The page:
Please beware—while numerous recipes circulate on the Internet, in recipe blogs, and on television shows, not all of them are safe.
Canning chocolate sauce
One lady found a recipe on the Internet for a chocolate and raspberry sauce. The recipe simply said to put the sauce in jars and process; it didn’t give any instructions on how to or how long to process. She was calling for this information. While the sauce idea sounded great, I recommended that she not use this recipe.
Chocolate sauces are low-acid recipes and are a risk for botulism food poisoning; therefore, any recipes that use the boiling water canning process are especially at risk. Furthermore, there are no science-based, tested recipes for chocolate sauces utilizing the pressure canning process in either the “USDA Complete Guide to Home Canning,” the University of Georgia’s “So Easy to Preserve” or in publications from land grant university partners in the Cooperative Extension System.
If you do want to make a chocolate sauce, here’s a safe and tested recipe that is frozen:
1/2 cup margarine or butter
3 squares (3 oz.) unsweetened chocolate
2-1/2 cups sugar
Pinch of salt (optional)
1 (12 oz.) can evaporated milk
1 tsp. vanilla
Melt margarine in the top of a double boiler. Add chocolate and melt, while constantly stirring. Add sugar gradually, 1/4 cup at a time, while stirring. Then add salt, if desired. Next, stir milk in gradually and finally add the vanilla. Cook until desired thickness, approximately one hour, stirring occasionally.
Pour sauce into a clean, warm, wide-mouth quart jar or similar freezer-safe container(s). Allow the sauce to cool at room temperature for 1-2 hours. Seal and freeze. The sauce should remain soft enough to spoon out portions while frozen.
Bread in jars
Another recipe that has been going around for several years are breads and cakes baked in canning jars. They are attractive and popular items at holiday craft shows. We cannot recommend these products, either.
These instructions or recipes typically call for baking in the jar and then closing with a canning lid. The heat of the bread allows the lids to seal, but they aren’t really canned. While this may seem good, it’s not. Many recipes for quick breads and cakes are low-acid and have the potential for supporting the growth of a bacteria like Clostridium botulinum (better known as botulism) if it is present inside the closed jar. One university’s research showed a high potential for this and other problems. Just don’t do it. Why take the risk?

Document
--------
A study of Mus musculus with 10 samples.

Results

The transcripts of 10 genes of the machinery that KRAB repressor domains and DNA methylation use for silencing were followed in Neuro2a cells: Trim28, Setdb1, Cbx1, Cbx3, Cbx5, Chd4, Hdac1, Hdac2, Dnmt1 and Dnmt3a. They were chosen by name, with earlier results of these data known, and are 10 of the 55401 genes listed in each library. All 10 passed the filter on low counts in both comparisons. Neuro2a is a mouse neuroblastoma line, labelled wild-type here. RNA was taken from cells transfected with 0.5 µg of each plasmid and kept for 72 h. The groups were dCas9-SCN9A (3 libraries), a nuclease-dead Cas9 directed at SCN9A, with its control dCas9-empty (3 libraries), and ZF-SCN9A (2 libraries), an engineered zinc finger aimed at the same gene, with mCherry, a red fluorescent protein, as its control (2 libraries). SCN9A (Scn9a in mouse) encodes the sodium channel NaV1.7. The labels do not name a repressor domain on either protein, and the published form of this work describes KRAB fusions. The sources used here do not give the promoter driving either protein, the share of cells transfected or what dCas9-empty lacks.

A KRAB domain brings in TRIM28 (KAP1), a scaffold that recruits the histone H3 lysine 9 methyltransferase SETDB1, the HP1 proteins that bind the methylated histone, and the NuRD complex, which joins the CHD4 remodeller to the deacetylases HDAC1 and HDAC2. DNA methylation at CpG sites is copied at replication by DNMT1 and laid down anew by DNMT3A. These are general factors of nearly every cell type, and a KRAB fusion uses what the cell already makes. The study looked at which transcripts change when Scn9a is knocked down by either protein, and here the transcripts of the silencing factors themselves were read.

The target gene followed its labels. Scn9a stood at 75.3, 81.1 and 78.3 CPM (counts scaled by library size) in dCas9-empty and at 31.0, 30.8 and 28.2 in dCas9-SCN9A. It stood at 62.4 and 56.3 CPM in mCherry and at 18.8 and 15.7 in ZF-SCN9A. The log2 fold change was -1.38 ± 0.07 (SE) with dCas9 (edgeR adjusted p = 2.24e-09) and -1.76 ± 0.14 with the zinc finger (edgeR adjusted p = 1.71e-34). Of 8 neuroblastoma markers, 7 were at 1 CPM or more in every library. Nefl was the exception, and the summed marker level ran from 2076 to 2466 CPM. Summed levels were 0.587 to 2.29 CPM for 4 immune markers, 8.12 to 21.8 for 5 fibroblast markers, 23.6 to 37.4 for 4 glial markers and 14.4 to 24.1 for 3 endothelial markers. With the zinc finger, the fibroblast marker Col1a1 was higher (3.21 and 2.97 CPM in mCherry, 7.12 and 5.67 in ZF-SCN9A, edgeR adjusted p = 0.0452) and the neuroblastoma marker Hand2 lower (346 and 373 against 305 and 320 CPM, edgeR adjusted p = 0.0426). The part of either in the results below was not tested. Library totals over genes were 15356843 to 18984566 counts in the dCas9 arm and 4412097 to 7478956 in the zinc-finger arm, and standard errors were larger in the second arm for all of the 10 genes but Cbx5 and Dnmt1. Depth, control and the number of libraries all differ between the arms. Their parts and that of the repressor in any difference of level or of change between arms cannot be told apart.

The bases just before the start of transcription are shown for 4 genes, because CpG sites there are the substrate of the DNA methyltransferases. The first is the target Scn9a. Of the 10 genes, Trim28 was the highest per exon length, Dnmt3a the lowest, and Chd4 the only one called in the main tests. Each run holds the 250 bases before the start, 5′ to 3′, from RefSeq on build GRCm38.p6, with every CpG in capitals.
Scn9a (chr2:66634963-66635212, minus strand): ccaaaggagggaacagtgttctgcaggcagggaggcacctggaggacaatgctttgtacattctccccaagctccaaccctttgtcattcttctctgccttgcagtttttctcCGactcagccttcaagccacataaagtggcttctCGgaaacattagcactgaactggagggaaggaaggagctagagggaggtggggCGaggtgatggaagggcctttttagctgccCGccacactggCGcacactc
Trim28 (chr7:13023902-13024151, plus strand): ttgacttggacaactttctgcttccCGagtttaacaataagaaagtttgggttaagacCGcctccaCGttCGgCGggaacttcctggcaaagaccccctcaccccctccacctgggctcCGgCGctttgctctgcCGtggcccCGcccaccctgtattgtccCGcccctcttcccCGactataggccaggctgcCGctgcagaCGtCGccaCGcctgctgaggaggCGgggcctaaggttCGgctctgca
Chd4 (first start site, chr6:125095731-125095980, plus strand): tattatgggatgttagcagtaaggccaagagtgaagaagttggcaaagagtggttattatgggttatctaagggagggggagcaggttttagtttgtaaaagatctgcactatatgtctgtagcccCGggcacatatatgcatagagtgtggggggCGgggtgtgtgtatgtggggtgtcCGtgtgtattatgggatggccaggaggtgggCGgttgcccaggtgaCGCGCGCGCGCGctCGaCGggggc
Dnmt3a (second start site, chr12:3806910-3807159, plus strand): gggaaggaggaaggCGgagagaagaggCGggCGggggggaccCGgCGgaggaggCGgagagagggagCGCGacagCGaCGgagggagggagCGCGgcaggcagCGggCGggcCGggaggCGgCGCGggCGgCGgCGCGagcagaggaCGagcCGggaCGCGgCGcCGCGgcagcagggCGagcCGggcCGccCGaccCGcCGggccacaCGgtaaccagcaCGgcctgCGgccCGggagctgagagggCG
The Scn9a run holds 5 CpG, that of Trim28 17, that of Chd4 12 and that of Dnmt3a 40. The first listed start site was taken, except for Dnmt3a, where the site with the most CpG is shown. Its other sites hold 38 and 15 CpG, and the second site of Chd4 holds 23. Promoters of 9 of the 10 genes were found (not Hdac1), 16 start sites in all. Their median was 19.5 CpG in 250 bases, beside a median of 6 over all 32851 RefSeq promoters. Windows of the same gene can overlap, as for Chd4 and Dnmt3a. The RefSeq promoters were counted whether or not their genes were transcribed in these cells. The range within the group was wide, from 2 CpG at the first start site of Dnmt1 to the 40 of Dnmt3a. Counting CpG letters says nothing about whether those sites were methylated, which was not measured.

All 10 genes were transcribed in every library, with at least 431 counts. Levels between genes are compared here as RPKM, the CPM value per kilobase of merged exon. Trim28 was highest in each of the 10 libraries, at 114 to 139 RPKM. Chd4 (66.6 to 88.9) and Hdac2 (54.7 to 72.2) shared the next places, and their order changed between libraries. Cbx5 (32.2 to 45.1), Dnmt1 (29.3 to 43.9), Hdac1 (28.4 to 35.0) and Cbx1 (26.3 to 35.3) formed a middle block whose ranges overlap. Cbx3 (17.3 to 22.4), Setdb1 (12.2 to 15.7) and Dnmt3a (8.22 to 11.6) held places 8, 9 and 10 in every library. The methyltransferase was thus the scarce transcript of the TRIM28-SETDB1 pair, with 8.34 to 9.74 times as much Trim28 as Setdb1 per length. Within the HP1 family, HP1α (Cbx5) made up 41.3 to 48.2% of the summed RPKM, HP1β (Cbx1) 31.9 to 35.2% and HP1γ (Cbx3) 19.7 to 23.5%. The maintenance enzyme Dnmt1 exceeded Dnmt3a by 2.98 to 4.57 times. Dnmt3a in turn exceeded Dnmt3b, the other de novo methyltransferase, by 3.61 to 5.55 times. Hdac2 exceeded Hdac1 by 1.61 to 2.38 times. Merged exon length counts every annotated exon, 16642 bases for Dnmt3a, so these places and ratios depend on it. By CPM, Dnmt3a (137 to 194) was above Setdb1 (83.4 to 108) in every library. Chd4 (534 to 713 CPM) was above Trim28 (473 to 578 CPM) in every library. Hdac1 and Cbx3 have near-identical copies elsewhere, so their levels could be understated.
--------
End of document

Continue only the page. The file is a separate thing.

You will see these canned breads and cakes made commercially; however, additives, preservatives and processing controls not available for home recipes are used. Canning jar manufacturers also don’t endorse baking in their canning jars. If you want to bake bread or cakes for gifts, it’s best that you choose recipes that can be frozen instead of canned.
I know I’ve said it before, but I am going to repeat it. Just because you find a recipe on the Internet does not mean it is safe. Be sure to use recipes that have been tested by food scientists.
The National Center for Home Food Preservation is an excellent source for current research-based recommendations for most methods of home food preservation. Other good sources are the Ball Blue Book (get the latest edition) and University and Cooperative Extension resources.
Sources: Brian A. Nummer, Ph.D., National Center for Home Food Preservation, “So Easy To Preserve,” The University of Georgia and USDA complete guide to home canning.
Cheryle Jones Syracuse is a Family and Consumer Science staff member and can be reached at N.C. Cooperative Extension, Brunswick County Center, at 253-2610.